This hand-held guide provides information on how to identify and differentiate common pigweed species in Maryland including: Palmer amaranth, Spiny amaranth, waterhemp, and redroot/smooth pigweed. Authors: Kurt Vollmer and Ben Beale; Title: A Guide for Identifying Pigweed Species Commonly Found in Maryland (EB-2023-0654)
Pigweeds are annual weeds that can cause significant problems for Maryland farmers. Palmer amaranth and waterhemp are two pigweeds that are especially troublesome, and have been designated as noxious weeds by the Maryland Department of Agriculture. Therefore, it is required that these two species be actively managed to prevent their spread and resulting negative impacts on Maryland agriculture. To the untrained eye, Palmer amaranth and waterhemp can appear similar to each other and to other pigweed species. However they can be easily distinguished from one another by looking at some key botanical characteristics. Becoming familiar with these species allows for earlier detection, and as a result, improved management practices. Authors: Kurt Vollmer, Ph.D., and Ben Beale; Title: Keys to Identifying Palmer Amaranth and Waterhemp (FS-2023-0653)
Common Ragweed (Ambrosia artemisiifolia) is a native summer annual weed of many cropping systems in the mid-Atlantic. It is often encountered as weed in agronomic crops as well as vegetable, orchards, roadsides, and abandoned fields. Common ragweed can thrive in lower fertility soils and is often more severe in reduced or no-tillage situations. In Maryland, populations of glyphosate resistant common ragweed were first confirmed in 2014. Resistance to ALS herbicides was also confirmed the same year. In most areas of Maryland, common ragweed has two-way resistance to both glyphosate and ALS chemistry. In 2017, pockets of three way resistant common ragweed plants were confirmed in parts of Delaware and the Eastern Shore of Maryland to PPO, ALS and glyphosate. Herbicide resistant common ragweed can be very difficult to control in agronomic crops, particularly soybeans. Authors: Benjamin Beale, and Matthew Morris; Title: Managing Herbicide Resistant Common Ragweed (FS-474)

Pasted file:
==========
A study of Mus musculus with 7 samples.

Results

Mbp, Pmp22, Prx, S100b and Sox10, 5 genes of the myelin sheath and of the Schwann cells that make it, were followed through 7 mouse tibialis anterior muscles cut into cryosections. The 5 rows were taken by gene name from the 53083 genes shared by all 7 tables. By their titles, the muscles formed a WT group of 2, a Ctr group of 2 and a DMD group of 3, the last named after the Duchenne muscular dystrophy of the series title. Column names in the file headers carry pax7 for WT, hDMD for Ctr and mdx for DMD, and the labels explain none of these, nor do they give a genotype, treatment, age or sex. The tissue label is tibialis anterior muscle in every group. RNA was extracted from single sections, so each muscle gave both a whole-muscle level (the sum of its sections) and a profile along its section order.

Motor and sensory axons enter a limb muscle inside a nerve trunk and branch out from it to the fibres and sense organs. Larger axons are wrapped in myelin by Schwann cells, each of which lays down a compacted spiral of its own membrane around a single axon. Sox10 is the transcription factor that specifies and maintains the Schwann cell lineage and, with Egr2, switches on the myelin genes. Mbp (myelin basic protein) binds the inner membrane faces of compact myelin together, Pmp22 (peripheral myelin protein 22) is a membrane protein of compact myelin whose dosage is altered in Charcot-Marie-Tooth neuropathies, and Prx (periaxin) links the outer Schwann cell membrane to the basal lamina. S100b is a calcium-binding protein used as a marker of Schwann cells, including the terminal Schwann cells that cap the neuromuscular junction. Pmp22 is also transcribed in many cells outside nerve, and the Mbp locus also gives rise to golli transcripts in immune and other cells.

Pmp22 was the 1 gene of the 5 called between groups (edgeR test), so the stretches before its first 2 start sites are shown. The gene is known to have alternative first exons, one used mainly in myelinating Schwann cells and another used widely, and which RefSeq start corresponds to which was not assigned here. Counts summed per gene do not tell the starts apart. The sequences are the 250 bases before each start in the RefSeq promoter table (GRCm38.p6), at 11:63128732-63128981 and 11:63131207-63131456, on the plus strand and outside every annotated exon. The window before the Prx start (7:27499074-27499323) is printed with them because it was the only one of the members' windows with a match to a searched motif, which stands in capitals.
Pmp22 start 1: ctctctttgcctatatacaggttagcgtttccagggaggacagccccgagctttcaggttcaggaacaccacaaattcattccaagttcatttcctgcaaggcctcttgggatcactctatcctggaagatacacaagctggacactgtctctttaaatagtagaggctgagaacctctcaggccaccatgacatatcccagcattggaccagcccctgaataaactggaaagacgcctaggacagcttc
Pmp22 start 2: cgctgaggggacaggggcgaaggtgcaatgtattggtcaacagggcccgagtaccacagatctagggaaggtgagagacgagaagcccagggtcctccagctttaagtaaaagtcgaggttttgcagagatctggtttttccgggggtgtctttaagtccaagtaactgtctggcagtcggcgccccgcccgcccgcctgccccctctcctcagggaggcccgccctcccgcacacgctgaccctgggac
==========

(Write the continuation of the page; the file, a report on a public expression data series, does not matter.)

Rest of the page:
Yellow, green, and giant foxtail are the three most common weedy foxtail species in Maryland. Knowing the differences between foxtail species and look-alike grassy weeds can assist with identification, and the selection of effective weed management strategies. Title: Know Your Foxtails (FS-2023-0658); Authors: Dwayne D. Joseph, and Leo Kerner
Palmer amaranth, Amaranthus palmeri, is a new invasive weed in the pigweed family that has become a major challenge for farmers across the U.S. for much of the last decade. Native to the Sonora Desert of Arizona and Northern Mexico, Palmer amaranth is well adapted to the hot Maryland summers. It was first discovered in Maryland during the mid-twentieth century, but the presence of herbicide resistant Palmer amaranth was not confirmed until 2014. Since then it has spread to most regions of the state including Eastern, Southern, and Western Maryland. The spread of Palmer amaranth has been hastened by the movement of contaminated equipment, feed, and seed from infested areas.